Dancing to the military beat in a theatre of war
Soldier Still Pavilion, Dún Laoghaire Tours until Nov 22
Junk Ensemble have created this intriguing dance theatre piece that elegantly demonstrates the ability of movement to interrogate the traumas of war and the experience of the individual soldier.
The show was created out of a series of interviews with current and former soldiers from the Irish Defence Forces, the British army and the Bosnian War. It is conceived, directed and choreographed by Jessica Kennedy and Megan Kennedy, in collaboration with the cast. There are four dancers, Karl Fagerlund, Lucia Kickham, Julie Koenig and Stephen Moynihan. The show also features Tom Clonan, former captain and press officer of the Irish Defence Forces, now military commentator.
Stand-out elements include Kickham's retired soldier, compulsively exercising as she pounds the roads in her boots with 40lbs on her back. The four dancers strongly assert their individuality, but also their collective identity as a group. Sometimes all four move like a single organism, the choreography often jerky and jittery; the dance style is inherently dramatic. One sequence exquisitely demonstrates the effects of bullying and isolation. Another shows the two women trying to leave the army, and getting summoned back, by invisible threads. The experience of killing at close quarters is described in voice-over.
Sabine Dargent's set design installation features drips from the wall, that under Sarah Jane Shiels lighting, at times seem like blood, at other times like harmless pastels. The show exposes the vulnerability of the soldier's body. A dancer removes a body stocking, which is hung on a hangar like skin. Dancers' bodies are heaped on top of each other, like discarded waste.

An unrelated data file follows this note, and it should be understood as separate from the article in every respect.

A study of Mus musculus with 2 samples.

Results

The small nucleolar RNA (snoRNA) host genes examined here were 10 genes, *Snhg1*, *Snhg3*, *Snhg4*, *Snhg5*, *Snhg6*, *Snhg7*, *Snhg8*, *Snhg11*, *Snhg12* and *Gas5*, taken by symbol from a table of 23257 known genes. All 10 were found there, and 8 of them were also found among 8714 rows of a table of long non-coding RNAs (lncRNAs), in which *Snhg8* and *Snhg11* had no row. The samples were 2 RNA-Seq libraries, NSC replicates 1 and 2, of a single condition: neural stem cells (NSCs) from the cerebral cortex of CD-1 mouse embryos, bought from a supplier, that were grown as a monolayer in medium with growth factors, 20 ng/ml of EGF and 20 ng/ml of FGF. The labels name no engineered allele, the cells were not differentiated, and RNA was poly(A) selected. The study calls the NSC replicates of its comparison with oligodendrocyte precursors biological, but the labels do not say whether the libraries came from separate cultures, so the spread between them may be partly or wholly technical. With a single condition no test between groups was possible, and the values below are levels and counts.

Engaging with dance theatre requires the audience to mute their desire for verbal articulation, and to accept concepts and story at a more instinctive, subconscious level. If you can do this, the 70 minutes of Soldier Still will tell you deep things about the army, about its destructive energies, about its guarded machismo. "Come back," says Tom Clonan in various contexts throughout the show. It seems men and women can leave the military, but it doesn't so easily leave them.
Everyman, Cork, Nov 13 & 14; Dance Limerick, Nov 22.
Young adult musical takes centre stage
Chromatics Mill Theatre, Dundrum Until tonight
This new Irish musical has bundles of charm. Written and composed by young Dubliner Shauna Carrick, who is also musical director and plays piano, it is a superb achievement indicating great ambition.
Presented by Polliwog Theatre Collective, it is specifically targeted at a youth audience. The story involves a group of friends who have just graduated from college. They each have challenges: a young couple face an unexpected pregnancy; a lad comes out to his mother as gay; a daughter copes with being the carer for a parent with Alzheimer's. Romances bubble in this gossipy cauldron.
There are a number of good catchy songs, including the opener (also reprised at the end) 'Step into the Fray', as well as a classical musical number, 'I Will Play this Part Forever'. Director Andrew Keates does a fine job with scant resources; clever use of mobile phones and umbrellas give style to simple settings. Standout performances are Hannah Brady as Lily and Gary Tighe as Noah, but the young cast all hold their own.
We've had plenty of YA novels, but less material of this sort makes its way on to the stage, so this feels extra fresh and original. It is a view from inside middle-class Dublin youth. Well worth taking a look.